I’ve been amazed lately at how fast my toddler is picking up on the world around him and starting to mimic the things his dad and I say and do. Lately, he finds our shoes around the house and brings them to us, even bringing the right shoes to the right person. This surprised me, given he is only 13 months old. So I decided to do a little experiment last week. I was driving home with him in the backseat, and a good song came on the radio. I decided to jam to the music (I never do this) by rocking my head back and forth with the beat. After just 5 minutes I looked back, and he was doing the exact same thing! Within this very short time, he noticed my behavior and copied it. Wow!
This got me to thinking about the powerful impact we have on our kids’ behavior. I know, you hear it all the time, but it is so true. Kids are impressionable at any age. When they are younger, they are most impressionable by their parents and caretakers. During adolescence, it is with their peers. Unfortunately, it sometimes seems like they want to copy only the behaviors we don’t want them to, rather than sitting still in church or not saying that awful word!
Here are some common behaviors our kids will imitate:
- Coping with Anger: If you tend to yell at others or react with violent words or behaviors when angry, your child is likely to try the same thing. I have had numerous families sit in my office and discuss their concern over their child’s anger and explosive behavior. Often, there is a close adult and usually in the home, who also deals with their emotions in this way.
- Keeping a Routine: Children will not naturally develop a healthy routine, and it is so important for their success in school and later in life. Families should create a routine that fits their lifestyle, so if your family is often on the go, a strict routine will not be realistic, and flexibility is important. Other families may be very structured and the daily routines are important and children need to learn this too. As much as you can, teach (and lead by example) the importance of good morning and evening routines.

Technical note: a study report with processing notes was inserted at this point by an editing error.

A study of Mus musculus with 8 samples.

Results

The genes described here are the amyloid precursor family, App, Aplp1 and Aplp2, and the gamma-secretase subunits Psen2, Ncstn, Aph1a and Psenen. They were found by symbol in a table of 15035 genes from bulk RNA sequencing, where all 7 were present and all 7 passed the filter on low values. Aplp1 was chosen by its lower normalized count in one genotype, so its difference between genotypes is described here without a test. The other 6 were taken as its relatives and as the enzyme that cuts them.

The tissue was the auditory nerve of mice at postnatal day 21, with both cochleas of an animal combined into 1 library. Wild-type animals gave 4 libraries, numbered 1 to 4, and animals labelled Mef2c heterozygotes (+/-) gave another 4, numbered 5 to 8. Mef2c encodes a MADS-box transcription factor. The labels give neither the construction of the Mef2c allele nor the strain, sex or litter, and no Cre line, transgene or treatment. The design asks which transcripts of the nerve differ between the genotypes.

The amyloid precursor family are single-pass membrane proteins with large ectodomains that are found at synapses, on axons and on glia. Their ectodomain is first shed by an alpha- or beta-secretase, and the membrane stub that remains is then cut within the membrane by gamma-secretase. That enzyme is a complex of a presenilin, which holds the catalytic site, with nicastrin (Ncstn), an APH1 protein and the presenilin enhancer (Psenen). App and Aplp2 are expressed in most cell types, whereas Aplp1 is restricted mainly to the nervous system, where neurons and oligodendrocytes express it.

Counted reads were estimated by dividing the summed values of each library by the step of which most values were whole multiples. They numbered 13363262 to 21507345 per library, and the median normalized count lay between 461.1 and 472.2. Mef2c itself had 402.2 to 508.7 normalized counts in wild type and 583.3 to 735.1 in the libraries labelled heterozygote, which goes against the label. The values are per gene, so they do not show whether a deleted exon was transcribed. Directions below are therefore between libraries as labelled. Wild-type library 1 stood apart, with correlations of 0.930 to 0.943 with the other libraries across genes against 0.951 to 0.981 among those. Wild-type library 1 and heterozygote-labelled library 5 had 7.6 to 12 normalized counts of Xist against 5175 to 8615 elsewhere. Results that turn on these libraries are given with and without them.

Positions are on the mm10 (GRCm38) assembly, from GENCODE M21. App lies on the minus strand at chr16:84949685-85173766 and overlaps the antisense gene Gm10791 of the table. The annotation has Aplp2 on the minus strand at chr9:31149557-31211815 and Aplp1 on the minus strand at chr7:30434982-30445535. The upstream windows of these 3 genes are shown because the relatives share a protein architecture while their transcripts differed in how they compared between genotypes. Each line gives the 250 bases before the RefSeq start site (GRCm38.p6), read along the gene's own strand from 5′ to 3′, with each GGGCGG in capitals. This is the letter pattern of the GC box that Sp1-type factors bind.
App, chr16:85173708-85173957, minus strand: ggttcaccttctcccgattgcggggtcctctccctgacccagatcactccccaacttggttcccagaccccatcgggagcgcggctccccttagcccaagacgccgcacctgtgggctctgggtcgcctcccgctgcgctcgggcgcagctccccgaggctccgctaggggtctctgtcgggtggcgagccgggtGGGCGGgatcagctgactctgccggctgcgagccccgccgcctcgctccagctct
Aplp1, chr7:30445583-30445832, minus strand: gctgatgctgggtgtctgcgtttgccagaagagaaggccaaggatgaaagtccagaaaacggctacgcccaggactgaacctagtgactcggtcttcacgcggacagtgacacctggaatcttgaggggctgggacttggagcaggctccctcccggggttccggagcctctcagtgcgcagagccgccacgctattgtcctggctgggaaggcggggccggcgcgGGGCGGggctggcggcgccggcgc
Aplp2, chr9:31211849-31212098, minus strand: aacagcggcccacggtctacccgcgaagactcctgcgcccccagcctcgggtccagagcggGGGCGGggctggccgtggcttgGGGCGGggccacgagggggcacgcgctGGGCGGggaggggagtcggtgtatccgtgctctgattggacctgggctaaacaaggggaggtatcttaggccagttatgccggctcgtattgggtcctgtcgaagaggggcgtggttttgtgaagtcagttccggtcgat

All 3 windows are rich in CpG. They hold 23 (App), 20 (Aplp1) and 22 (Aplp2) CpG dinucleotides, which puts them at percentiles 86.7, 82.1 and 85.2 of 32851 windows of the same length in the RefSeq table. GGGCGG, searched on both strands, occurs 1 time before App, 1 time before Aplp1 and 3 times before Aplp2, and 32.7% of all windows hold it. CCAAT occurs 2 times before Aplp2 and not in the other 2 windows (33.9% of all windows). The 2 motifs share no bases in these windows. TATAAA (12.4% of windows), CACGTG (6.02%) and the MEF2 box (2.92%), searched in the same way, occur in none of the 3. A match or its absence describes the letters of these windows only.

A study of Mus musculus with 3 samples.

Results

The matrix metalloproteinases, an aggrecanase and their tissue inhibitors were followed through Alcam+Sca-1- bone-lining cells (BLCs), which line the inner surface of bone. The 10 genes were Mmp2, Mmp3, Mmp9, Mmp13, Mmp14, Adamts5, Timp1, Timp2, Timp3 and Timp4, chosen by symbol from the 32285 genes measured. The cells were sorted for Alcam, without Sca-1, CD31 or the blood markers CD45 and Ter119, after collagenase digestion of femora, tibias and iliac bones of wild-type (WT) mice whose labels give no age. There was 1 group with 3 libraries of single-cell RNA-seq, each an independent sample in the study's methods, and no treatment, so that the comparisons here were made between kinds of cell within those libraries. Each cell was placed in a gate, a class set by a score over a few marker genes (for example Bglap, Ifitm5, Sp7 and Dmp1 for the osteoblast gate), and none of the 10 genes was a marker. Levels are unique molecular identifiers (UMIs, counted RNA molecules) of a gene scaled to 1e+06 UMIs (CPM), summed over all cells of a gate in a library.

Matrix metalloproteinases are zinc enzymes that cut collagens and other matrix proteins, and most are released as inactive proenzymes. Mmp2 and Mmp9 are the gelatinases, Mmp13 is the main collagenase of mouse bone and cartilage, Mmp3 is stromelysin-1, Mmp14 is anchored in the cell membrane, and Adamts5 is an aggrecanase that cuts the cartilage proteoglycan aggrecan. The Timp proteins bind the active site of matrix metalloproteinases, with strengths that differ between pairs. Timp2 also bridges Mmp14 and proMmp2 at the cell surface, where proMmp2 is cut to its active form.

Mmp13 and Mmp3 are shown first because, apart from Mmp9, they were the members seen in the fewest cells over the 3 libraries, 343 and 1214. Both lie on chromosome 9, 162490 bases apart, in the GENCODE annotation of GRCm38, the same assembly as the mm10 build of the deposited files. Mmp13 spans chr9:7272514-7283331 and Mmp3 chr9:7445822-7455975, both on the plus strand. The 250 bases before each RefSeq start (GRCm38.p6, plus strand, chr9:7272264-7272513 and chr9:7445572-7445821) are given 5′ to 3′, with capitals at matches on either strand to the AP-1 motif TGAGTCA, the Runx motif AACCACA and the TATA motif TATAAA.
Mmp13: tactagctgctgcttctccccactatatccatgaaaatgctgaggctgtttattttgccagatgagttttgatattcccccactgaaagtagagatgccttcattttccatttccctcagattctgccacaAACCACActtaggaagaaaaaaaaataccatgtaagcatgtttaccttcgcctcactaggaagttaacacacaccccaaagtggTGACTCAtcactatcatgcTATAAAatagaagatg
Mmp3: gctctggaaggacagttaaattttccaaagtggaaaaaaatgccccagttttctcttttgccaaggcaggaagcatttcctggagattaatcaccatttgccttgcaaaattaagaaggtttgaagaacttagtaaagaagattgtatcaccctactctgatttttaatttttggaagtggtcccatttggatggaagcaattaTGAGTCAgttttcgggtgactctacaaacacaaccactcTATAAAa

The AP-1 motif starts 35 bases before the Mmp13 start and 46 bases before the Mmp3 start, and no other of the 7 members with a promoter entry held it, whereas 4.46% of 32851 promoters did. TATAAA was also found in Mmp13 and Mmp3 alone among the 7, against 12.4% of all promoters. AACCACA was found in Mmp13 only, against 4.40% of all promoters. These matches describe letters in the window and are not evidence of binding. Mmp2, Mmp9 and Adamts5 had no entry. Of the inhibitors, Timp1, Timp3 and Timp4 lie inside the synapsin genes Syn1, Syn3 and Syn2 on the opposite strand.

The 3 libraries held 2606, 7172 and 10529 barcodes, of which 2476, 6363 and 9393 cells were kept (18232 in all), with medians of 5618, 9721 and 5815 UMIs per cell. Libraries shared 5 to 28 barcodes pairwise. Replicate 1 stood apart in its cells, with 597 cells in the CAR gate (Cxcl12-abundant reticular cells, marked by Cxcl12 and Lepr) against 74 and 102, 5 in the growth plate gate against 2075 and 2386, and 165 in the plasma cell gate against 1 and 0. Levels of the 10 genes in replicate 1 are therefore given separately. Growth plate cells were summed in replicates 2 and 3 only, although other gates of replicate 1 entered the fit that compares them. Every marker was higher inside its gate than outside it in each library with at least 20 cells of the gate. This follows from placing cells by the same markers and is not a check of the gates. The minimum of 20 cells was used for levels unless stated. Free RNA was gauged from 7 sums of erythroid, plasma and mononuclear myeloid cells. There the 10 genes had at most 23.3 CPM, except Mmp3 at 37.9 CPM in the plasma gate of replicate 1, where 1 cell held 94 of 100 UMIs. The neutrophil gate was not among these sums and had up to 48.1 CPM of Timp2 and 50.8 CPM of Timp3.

- Maintaining Boundaries: Boundaries can be emotional or physical. Emotional boundaries define where our feelings end and others’ feelings begin. We use these to identify who is responsible for our feelings and what is OK to feel in certain circumstances. Physical boundaries define where our personal space ends and other people’s space begins.
- Social Skills: These include greeting people with a friendly hello, using eye contact, shaking hands when necessary, and engaging others in conversation. When you think a child is just playing while you have coffee with your neighbor or making a bank deposit, they are still observing you! Healthy social skills are essential for their lives, both on the playground and when it comes to getting a job. Teach them how to interact with others and explain the difference between family, friends, acquaintances, and strangers.
- Eating and Exercise Habits: This one does not require much explanation. How you take care of your body is how your children will care for their bodies.
- Substance Use: Children notice the use of substances in their home, whether it be legal or illegal, over-the-counter, or prescription. They can also tell if a parent is under the influence of substances. Children and teens have given me details about how they knew their parents were different and the parent had no idea their child was so observant.
- Driving: This is not just for parents of teens, because as I have explained, young kids are very influential. Watch your road rage, phone usage, texting, and tendency to always hurry or drive recklessly.
- Relationships: This is a part of everyone’s life, whether it be relationships with significant others, friends, or family. Your child will learn about affection, conflict resolution, and more by watching your relationships. They are also learning through your relationship with them. So go ahead, tell them you love them every day!